Illustration by Jamie Morton.

In a time when we willingly broadcast the most intimate details of our lives using a medium without bounds, the idea of having a film crew follow your family around may seem a little less than extraordinary. However, for the Loud family and television audiences circa 1973, the notion was revolutionary, and the results wildly controversial.

Oct. 12 through Nov. 16, UCSC’s Wednesday Night Cinema Society will be screening episodic installments of “An American Family,” a series considered by many media scholars to be the first and most controversial experiment within the genre of reality TV. This is a rare opportunity to recreate the communal viewing experience and engage in some lively discussion with students and faculty.

The series, which originally aired on PBS in 1973, chronicles the day-to-day lives of the Louds, a Santa Barbara family of seven. At first glance they seem pretty typical, each member fulfilling their role, engaging in the kinds of everyday experiences we’ve come to expect from a traditional, middle-class family in America.

But what began as an effort to document the everyday life of an average 1970s American household soon evolved into a 12-hour journey into the psyche of the nuclear family and an odyssey into the ethical issues of documentary filmmaking.

As the series unfolds, the deep-seated issues that underlie the family’s daily interactions surface.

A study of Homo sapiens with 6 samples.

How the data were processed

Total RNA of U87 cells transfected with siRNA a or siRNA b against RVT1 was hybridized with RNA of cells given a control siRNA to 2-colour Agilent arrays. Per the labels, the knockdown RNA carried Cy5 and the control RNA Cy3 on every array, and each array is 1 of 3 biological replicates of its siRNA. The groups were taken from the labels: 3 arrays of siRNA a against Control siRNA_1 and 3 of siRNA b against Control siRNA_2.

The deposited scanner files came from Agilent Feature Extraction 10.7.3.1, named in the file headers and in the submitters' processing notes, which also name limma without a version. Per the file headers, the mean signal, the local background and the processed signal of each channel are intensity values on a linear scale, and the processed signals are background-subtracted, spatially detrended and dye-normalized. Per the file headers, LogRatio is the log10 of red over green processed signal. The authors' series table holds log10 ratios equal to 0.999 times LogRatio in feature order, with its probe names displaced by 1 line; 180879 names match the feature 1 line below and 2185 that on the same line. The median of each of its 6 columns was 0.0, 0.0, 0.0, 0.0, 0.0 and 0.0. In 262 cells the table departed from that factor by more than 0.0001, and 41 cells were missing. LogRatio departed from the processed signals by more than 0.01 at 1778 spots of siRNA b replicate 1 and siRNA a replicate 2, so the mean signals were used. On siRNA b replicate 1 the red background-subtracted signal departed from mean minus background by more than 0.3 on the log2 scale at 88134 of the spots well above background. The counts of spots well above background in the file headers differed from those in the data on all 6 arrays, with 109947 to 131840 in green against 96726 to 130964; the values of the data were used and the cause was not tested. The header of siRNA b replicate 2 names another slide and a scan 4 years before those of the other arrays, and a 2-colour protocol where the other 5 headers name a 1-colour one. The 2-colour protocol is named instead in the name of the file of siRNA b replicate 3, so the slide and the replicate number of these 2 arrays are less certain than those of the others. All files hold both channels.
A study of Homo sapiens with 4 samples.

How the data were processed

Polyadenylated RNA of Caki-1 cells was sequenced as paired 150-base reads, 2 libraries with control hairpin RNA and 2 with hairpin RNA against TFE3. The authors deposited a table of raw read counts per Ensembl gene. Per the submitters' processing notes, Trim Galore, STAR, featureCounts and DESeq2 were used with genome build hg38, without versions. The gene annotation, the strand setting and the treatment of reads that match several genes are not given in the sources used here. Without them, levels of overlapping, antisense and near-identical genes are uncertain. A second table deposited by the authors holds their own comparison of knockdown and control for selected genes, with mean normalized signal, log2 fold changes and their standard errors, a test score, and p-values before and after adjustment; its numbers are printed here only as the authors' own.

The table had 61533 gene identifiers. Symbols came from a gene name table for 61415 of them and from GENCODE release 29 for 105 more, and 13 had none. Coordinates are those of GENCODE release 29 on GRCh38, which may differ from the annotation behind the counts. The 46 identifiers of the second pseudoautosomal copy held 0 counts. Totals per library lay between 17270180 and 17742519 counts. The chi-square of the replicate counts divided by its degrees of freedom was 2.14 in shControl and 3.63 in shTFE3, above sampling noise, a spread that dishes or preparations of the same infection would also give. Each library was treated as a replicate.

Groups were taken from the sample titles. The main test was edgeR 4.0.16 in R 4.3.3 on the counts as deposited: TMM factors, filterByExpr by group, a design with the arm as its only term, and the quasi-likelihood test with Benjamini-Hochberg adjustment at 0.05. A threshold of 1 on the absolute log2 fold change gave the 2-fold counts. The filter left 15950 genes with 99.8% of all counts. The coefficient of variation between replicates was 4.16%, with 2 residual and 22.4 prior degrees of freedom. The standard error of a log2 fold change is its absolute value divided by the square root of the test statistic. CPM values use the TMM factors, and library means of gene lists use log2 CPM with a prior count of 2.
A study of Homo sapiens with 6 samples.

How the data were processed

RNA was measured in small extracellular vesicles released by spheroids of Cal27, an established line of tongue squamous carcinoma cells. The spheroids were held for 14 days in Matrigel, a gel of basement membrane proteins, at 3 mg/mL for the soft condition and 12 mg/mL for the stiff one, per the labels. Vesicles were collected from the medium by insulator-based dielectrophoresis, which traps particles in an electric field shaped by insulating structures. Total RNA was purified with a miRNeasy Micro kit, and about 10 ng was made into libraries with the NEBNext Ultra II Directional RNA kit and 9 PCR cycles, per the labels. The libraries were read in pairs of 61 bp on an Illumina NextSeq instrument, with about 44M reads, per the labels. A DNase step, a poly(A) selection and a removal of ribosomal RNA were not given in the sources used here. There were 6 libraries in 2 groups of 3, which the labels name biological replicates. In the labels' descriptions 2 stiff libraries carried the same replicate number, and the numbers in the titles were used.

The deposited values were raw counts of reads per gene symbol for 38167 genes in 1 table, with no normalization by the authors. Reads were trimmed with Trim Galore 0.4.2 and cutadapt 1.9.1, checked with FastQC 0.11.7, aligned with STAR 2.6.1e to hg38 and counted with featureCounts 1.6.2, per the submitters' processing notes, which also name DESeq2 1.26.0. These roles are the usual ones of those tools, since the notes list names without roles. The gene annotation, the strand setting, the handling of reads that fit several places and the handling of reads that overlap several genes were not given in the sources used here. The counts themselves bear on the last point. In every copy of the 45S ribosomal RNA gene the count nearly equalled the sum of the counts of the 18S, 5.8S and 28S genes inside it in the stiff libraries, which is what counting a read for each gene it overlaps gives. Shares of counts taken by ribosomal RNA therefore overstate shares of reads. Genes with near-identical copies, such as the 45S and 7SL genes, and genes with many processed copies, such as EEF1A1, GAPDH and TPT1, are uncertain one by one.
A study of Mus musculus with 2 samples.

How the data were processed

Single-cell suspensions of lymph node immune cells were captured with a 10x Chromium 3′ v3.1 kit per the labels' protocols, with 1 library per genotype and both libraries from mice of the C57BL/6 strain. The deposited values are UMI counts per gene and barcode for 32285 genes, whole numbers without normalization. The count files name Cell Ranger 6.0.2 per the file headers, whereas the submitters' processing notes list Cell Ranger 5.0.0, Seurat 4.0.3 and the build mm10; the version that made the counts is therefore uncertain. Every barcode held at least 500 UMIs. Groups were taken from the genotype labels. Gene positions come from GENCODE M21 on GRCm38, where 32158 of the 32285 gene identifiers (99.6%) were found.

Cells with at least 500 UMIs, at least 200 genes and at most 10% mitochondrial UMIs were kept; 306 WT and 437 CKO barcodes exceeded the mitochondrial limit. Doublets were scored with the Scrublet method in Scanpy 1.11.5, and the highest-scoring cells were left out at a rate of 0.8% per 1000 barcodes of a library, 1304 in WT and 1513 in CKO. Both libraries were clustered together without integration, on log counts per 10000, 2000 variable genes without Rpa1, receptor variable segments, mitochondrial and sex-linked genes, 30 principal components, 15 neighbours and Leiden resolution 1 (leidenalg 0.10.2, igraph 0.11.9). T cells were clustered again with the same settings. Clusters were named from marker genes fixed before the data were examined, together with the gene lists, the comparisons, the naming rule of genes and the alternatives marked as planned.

“With ‘An American Family,’” said L.S. Kim, associate professor of film and digital media at UC Santa Cruz, “there’s definitely a sociological goal, as opposed to contemporary reality TV, where the focus is on pleasure and entertainment.”

Over the span of the series, the Louds struggle to function in spite of a strained relationship with their openly gay son and a deteriorating marriage, which actually ends when the series does.

One of the many interesting issues brought up by “An American Family” is the ethics — or lack thereof — of reality filmmaking. After the series was broadcast, the Louds spoke out against the production team, claiming the footage (of which 300 hours was recorded) had been edited to emphasize the negative, resulting in misrepresentation.

It has also been suggested that the presence of a film crew had a direct impact on the ultimate disintegration of the family, functioning as a catalyst for drama. These issues remain relevant in contemporary documentary filmmaking, and continue to shape the discussion of what constitutes reality or truth in the evolving media of film and television.

The screenings take place at 7 p.m. on Wednesday nights in Room 150 of the communications building, and are open to all UCSC students who want a disturbing slice of the Loud life.